Energy Drainer – Employment you’re not happy with.

This topic may not have been my first choice to start the theme this week, but I fell on an interesting article that got me thinking. Written on Oct 19, 2011 It is an article by The Economist, an unlikely site to find Happiness as a topic perhaps…

“Are economists really better at predicting interest rates than the average person is at rating their own happiness?”

Really? Has this become such a huge issue? Are so many people out there across the world unhappy in their employment and they don’t know it?

(Note that I include stay-at-home parenting as employment/job)

A job offers a salary, an opportunity to learn from training, practice and project challenges in addition to interaction with colleagues. If these elements are met, I believe chances are high that you will be content, at least to some degree.

The Economist editorial encourages the new direction taken in economic analysis to include measures that affect the well-being of individuals. There is more to it than revenue.

Considering such elements as commute times, the option to work from home, part-time versus full-time, environment of work including green space, as well as the opportunity to interact socially, is important in establishing the level of satisfaction in employment. This will in turn help make the required changes if improvement is needed.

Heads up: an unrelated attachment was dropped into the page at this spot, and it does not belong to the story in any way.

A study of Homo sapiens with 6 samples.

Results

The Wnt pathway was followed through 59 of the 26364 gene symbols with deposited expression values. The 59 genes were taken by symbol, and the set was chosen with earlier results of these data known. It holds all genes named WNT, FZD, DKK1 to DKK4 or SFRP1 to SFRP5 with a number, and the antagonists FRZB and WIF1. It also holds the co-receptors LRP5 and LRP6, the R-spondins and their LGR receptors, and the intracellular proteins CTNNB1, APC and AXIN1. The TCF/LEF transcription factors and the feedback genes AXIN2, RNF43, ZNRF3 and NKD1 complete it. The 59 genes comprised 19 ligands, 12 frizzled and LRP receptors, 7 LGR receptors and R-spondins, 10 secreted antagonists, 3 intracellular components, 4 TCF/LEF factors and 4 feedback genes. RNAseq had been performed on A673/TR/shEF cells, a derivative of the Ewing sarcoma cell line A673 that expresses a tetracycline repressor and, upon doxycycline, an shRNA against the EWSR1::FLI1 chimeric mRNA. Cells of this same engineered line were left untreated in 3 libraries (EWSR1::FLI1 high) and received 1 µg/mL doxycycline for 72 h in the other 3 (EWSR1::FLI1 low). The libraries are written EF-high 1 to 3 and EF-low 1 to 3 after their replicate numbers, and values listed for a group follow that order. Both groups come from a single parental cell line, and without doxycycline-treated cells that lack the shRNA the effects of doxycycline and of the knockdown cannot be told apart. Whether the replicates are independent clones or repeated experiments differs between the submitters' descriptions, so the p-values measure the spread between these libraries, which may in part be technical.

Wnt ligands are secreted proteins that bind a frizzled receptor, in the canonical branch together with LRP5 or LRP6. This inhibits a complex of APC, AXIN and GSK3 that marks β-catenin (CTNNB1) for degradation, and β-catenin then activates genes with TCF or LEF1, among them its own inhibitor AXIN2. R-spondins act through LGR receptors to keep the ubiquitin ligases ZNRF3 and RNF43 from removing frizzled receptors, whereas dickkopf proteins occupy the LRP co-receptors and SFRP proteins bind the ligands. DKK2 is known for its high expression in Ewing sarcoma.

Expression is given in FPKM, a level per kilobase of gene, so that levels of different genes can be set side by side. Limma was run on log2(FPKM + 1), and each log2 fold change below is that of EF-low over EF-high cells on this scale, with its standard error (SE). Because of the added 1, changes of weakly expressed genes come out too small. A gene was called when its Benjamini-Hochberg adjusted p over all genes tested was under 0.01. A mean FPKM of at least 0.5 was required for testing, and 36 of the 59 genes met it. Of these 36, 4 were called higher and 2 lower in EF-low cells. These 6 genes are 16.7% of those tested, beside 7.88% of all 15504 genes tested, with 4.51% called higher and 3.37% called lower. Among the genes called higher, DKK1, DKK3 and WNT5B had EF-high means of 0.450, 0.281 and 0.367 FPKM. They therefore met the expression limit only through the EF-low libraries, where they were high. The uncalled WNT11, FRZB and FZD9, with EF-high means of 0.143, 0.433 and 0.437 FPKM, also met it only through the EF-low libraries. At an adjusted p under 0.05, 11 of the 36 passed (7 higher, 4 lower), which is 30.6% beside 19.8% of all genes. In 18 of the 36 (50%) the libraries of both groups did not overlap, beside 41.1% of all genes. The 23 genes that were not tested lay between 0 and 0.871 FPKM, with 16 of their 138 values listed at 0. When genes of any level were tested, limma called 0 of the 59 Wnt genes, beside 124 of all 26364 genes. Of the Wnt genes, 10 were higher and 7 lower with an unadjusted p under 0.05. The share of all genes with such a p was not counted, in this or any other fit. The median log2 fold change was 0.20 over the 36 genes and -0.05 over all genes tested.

If you were to analyze your conditions of employment, what are the elements in your job that you can be grateful for? In contrast, what are the points of complaint? These will be your Energy Drainers. How do they look on a scale? Does it tip to one side? How are you maintaining your Energy Levels?

Many of us working full time jobs always hope to see a benefits side much more important than the other. We want to keep Energy Levels high enough (at least to survive through a day!!). We spend most of our lives at work after all! Sometimes, small issues can be worked out to improve an otherwise amazing situation of employment. Other times, it is just a matter of finding the job that suits us better. For some, entrepreneurship may be the ideal. For others, staying at home without paid employment is the better alternative. Maybe going back to school to work on a career change is a hidden wish to revisit. We each have our own realities, our own needs and desires.

Take the time to review your situation to see where you stand and what the ideal situation would be for you. Changes don’t come overnight, but they do start by identifying what it is you want!



Related posts:

  1. Budgeting Your Energy
  2. I was searching for a happier life… How could I have missed it?
  3. Wealthy self-esteem
  4. Happy to be Divorced
  5. I want to be happy; where do I start?